What's changed since rspec-1

rspec command

The command to run specs is now rspec instead of spec.

rspec ./spec

autotest

RSpec-2 works with autotest as follows:

# in ./autotest/discover.rb
Autotest.add_discovery { "rspec2" }

# command line
$ autotest

The autospec command is a thing of the past.

RSpec

The root namespace (top level module ) is now RSpec instead of Spec, and the root directory under lib within all of the rspec gems is rspec instead of spec.

Configuration

Typically in spec/spec_helper.rb, configuration is now done like this:

RSpec.configure do |c|
  # ....
end

.rspec

Command line options can be persisted in a .rspec file in a project. You can also store a .rspec file in your home directory (~/.rspec) with global options. Precedence is:

command line
./.rspec
~/.rspec

What's new

Runner

The new runner for rspec-2 comes from Micronaut.

Metadata!

In rspec-2, every example and example group comes with metadata information like the file and line number on which it was declared, the arguments passed to describe and it, etc. This metadata can be appended to through a hash argument passed to describe or it, allowing us to pre and post-process each example in a variety of ways.

Filtering

The most obvious use is for filtering the run. For example:

# in spec/spec_helper.rb
RSpec.configure do |c|
  c.filter_run :focus => true
end

# in any spec file
describe "something" do
  it "does something", :focus => true do
    # ....
  end
end

When you run the rspec command, rspec will run only the examples that have :focus => true in the hash.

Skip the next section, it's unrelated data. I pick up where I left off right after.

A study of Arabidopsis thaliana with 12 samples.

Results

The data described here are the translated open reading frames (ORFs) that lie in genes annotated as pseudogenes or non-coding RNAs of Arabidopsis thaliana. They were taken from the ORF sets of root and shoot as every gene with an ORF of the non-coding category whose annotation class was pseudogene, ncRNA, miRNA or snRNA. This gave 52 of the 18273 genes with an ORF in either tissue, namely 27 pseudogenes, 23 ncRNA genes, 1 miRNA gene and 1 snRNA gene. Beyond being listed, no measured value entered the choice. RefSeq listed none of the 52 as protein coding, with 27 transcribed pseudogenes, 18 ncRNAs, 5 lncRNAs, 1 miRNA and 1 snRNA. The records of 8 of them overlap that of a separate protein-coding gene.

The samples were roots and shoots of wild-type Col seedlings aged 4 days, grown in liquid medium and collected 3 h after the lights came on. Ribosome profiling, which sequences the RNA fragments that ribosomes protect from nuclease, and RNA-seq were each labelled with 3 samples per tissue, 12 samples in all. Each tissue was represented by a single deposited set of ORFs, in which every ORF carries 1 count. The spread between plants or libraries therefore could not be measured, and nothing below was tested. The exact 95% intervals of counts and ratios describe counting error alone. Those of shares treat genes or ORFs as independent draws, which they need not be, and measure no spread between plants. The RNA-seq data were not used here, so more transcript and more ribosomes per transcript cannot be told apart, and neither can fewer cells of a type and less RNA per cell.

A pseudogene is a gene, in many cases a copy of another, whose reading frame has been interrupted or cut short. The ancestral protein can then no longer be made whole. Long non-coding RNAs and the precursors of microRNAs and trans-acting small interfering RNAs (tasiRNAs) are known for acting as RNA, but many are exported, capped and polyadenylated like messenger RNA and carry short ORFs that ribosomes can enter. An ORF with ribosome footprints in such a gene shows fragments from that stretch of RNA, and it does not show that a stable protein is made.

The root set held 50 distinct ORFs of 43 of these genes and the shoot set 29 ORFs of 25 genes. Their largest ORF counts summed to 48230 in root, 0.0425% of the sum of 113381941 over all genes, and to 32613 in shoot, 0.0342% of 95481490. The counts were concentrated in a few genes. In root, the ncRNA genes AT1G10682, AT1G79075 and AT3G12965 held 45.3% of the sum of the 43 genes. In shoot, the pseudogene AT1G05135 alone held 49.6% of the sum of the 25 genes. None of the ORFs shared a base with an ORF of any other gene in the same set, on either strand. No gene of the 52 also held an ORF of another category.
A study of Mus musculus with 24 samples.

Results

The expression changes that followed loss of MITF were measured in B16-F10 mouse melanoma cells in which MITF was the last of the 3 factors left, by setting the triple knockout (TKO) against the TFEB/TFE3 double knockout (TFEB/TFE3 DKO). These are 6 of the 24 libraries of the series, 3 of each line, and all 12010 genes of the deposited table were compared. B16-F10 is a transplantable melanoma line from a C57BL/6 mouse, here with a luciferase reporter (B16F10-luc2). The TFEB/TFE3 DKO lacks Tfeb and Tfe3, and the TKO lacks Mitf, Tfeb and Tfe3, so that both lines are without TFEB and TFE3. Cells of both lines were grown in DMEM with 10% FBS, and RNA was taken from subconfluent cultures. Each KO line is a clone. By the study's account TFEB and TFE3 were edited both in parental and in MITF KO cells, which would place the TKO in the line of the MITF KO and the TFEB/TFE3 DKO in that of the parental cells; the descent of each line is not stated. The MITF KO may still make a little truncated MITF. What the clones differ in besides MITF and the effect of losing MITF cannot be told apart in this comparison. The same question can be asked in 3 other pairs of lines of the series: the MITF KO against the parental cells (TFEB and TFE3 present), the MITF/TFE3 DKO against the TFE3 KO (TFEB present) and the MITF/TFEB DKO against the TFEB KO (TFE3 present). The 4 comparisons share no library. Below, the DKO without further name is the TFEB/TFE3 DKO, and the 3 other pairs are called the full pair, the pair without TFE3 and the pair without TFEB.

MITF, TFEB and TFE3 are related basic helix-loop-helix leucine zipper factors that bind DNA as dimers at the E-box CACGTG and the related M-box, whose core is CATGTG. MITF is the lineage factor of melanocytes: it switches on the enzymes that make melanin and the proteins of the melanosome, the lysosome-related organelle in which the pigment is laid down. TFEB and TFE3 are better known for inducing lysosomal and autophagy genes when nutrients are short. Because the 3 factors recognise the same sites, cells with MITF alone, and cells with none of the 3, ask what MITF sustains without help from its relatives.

You can also add run_all_when_everything_filtered to the config:

RSpec.configure do |c|
  c.filter_run :focus => true
  c.run_all_when_everything_filtered = true
end

Now if there are no examples tagged with :focus => true, all examples will be run. This makes it really easy to focus on one example for a while, but then go back to running all of the examples by removing that argument from it. Works with describe too, in which case it runs all of the examples in that group.

The configuration will accept a lambda, which provides a lot of flexibility in filtering examples. Say, for example, you have a spec for functionality that behaves slightly differently in Ruby 1.8 and Ruby 1.9. We have that in rspec-core, and here's how we're getting the right stuff to run under the right version:

# in spec/spec_helper.rb
RSpec.configure do |c|
  c.exclusion_filter = { :ruby => lambda {|version|
    !(RUBY_VERSION.to_s =~ /^#{version.to_s}/)
  }}
end

# in any spec file
describe "something" do
  it "does something", :ruby => 1.8 do
    # ....
  end

  it "does something", :ruby => 1.9 do
    # ....
  end
end

In this case, we're using exclusion_filter instead of filter_run or filter, which indicate inclusion filters. So each of those examples is excluded if we're not running the version of Ruby they work with.